I work for a company that has more than a thousand employees. Approximately eight hundred of them are located in two buildings in the same neighbourhood only half a mile away from each other, and both really close to a bike path.
In 2007, when I noticed that more and more of my work colleagues were interested in my commuting choice, I decided I should do something to encourage more people to bike to work.
The project started when I joined the company’s CIPA (an internal comity responsible for employee’s health and safety, compulsory to every Brasilian company). We were able to use the intranet and corporate email to help us develop educational campaigns, organise visits to different departments, and distribute flyers. It was the first phase of the project called Survey.
Before carrying out any effective measure toward cycle mobility in the company, we designed a questionnaire to evaluate the feasibility for the company and whether or not there were people interested in it. It contained a set of closed-ended questions (e.g.: commuting distance, travelling time and costs) and open-ended questions (e.g.: pros and cons for biking, street safety). We also recorded some video interviews where the employees could speak more freely and we could gather some suggestions and critics.
All this process took almost six months. The results were promising and we were anxious to start the second phase.
From the collected data, it was possible to acknowledge that the majority of the employees supported the project, even those who said that would continue to use their car. However, bike commuting wasn’t an appropriate choice for all those who were interested. During this phase we determined our target group and developed some strategies to encourage a more efficient use of the bicycle. It was time to ride.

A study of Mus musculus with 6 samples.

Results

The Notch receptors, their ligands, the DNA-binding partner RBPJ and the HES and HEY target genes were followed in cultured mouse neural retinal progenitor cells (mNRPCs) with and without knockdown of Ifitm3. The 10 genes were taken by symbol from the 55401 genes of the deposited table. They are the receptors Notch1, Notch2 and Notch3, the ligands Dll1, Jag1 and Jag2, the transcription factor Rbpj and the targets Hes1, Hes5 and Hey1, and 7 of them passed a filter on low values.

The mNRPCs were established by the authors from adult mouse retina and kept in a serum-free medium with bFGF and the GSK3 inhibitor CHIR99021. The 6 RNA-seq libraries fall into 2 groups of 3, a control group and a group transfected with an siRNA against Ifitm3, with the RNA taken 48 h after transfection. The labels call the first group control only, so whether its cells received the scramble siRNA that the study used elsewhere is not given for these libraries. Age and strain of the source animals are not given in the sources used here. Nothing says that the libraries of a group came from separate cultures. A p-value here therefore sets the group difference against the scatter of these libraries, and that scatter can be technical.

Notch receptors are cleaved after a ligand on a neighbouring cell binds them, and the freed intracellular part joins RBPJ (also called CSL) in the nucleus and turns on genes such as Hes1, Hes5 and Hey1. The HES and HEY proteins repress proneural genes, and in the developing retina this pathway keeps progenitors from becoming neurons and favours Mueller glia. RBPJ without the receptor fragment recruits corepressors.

Almost one year later the program was launched. Besides the employees who spontaneously began to use the bike during the first two phases, it was time to get people to ride.
We organised bike tours with groups of more than 30 people among employees and relatives. The route was made exclusively by bicycle. It was an excellent opportunity to enforce bicycle as a valid means of transportation and address legal issues, basic bike fitting, and riding techniques.
We also started a “Ride Buddy/Mentor” program (similar to CommuteOrlando) helping people to choose the best route, fitting their bike and riding with a mentor for novice cyclists.
Although our study indicated that the company staff supported this mobility program, there was no incentive to maintain and expand the program from the board of directors.
Even so, there are new employees adopting the bicycle. On sunny days, more than 15 bicycles can be seen leaned against the company garage’s wall. And they aren’t always the same ones. It is good to see more and more bicycles than the measly two or three bikes parked there before the program.
The importance of the program has been recognised outside the company. Last year it was accepted in the Towards Carfree Cities Conference in Portland, USA. Unfortunately we couldn’t make it. And this year, it will be presented at the 17th National Congress of Transit and Transportation (CNTT-ANTP) held in September here in Curitiba, Brazil.
I’d like to give a special thanks to Ulrich Jager, a mobility consultant from L & J Mobility who strongly supported our project since the very beginning.